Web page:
ISBN-13: 978-3540204909 ISBN-10: 3540204903 Edition: 2004th


  • Series: Advances in Astrobiology and Biogeophysics
  • Hardcover: 252 pages
  • Publisher: Springer; 2004 edition (February 20, 2004)
  • Language: English
  • ISBN-10: 3540204903
  • ISBN-13: 978-3540204909
  • Product Dimensions: 0.6 x 6.2 x 9.3 inches
  • Shipping Weight: 1 pounds (View shipping rates and policies)
  • Average Customer Review: 5.0 out of 5 stars  See all reviews (1 customer review)
  • Amazon Best Sellers Rank: #2,888,518 in Books (See Top 100 in Books)

Editorial Reviews

Review

From the reviews:

"In exobiology one can never expect ultimate answers, only illumination. This is indeed what the book does, and what makes it interresting in its field, in giving an interim status report. The very extensive references list makes clear that we are far from any paradigma in exobiology, despite the fact that a lot happened since the appearance of Schroedingers booklet "What is Life?" in 1944.

"Popa’s contribution is a wide ranging critique of current thinking on life’s origin. For those familiar with the problem, this is an engaging personal viewpoint." (P J Wilkinson, The Physicist Jan./Feb. 2005, vol. 42, page 33)

"The book … aims to report new developments in research and teaching in the inter-disciplinary fields of astrobiology and biogeophysics. This encompasses all aspects of research into the origins of life – from the creation of matter to the emergence of complex life forms … . The hard cover book is nicely edited following Springer’s high-quality standards." (Roland Carchon, Physicalia, Vol. 57 (3), 2005)

"This is an interesting book that attempts to systematize life and its origin in an information-theoretic manner. … The two most important themes are hierarchies and phase transitions as properties of life. … In conclusion, a book for the specialist astrobiologist – trained in both biochemistry and biophysics – in search of novel ideas." (Alex Ellery, International Journal of Astrobiology, Vol. 6 (2), 2007)

From the Back Cover

This study investigates the major theories of the origins of life in light of modern research with the aim of distinguishing between the necessary and the optional and between deterministic and random influences in the emergence of what we call ‘life.’ Life is treated as a cosmic phenomenon whose emergence and driving force should be viewed independently from its Earth-bound natural history. The author synthesizes all the fundamental life-related developments in a comprehensive scenario, and makes the argument that understanding life in its broadest context requires a material-independent perspective that identifies its essential fingerprints.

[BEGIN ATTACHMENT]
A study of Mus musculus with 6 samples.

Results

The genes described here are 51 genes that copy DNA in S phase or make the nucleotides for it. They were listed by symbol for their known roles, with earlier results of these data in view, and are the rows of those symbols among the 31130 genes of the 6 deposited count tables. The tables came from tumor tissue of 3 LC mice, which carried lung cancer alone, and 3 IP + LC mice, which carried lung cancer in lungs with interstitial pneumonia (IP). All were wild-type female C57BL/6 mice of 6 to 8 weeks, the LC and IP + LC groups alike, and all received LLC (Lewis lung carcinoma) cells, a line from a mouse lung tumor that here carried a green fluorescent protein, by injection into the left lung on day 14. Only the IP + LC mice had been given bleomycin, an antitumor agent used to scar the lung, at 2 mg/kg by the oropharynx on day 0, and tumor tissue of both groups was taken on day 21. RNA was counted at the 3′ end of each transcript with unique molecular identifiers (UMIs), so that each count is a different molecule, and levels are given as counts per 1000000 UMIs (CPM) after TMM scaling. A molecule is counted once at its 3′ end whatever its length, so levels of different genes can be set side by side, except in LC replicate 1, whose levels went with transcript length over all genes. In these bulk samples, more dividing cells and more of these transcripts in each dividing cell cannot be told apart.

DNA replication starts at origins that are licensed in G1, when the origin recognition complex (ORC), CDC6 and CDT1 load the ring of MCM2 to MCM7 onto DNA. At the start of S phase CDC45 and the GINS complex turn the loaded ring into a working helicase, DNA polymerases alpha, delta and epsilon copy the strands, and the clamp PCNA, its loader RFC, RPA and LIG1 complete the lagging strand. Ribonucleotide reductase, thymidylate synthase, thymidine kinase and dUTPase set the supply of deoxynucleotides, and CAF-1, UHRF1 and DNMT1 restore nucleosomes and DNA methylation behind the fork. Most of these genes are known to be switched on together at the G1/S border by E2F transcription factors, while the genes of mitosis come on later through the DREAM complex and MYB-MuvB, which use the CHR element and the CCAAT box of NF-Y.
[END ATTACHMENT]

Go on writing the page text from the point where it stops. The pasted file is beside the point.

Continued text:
Format: Hardcover
How did life originate? Well, it's a wide open question. As Popa tells us, an explanation that is missing a critical step won't do. There are plenty of clues. But Popa shows us that there are still many approaches to putting the clues together.

There are plenty of approaches that are being pursued today. Popa tells us about many of them. Still, let's remind ourselves of some of them. One is to look for fossil evidence and DNA evidence of our earliest ancestors. Say that these turn out to be hyperthermophiles. Use that information, as well as the stability properties of RNA and DNA, to deduce the environment life originated in. A second idea is to look at the way we synthesize RNA (or DNA) today. Use that information to speculate about how the first RNA and DNA evolved. A third idea is to look at the self-assembly properties of entities for clues. A fourth idea is to note the similarity of ATP and the nucleic acid adenine. Assume this is no coincidence! A fifth idea is to do all sorts of experiments with collections of monomers and see if they arrange themselves into replicating strings. A sixth idea is to concentrate on computer simulations of all this. Computer simulations of the origin of replication show that there are some dangers, such as the "selfish RNA catastrophe," the "short-circuit catastrophe," the "population collapse catastrophe," and simply the risk of too many replication errors. Draw conclusions from the fact that these hazards were successfully avoided. A seventh idea is to at least answer the question of what came first, replication, metabolism, or cellularization. And so on. It seems that there is a great deal we aren't at all sure of.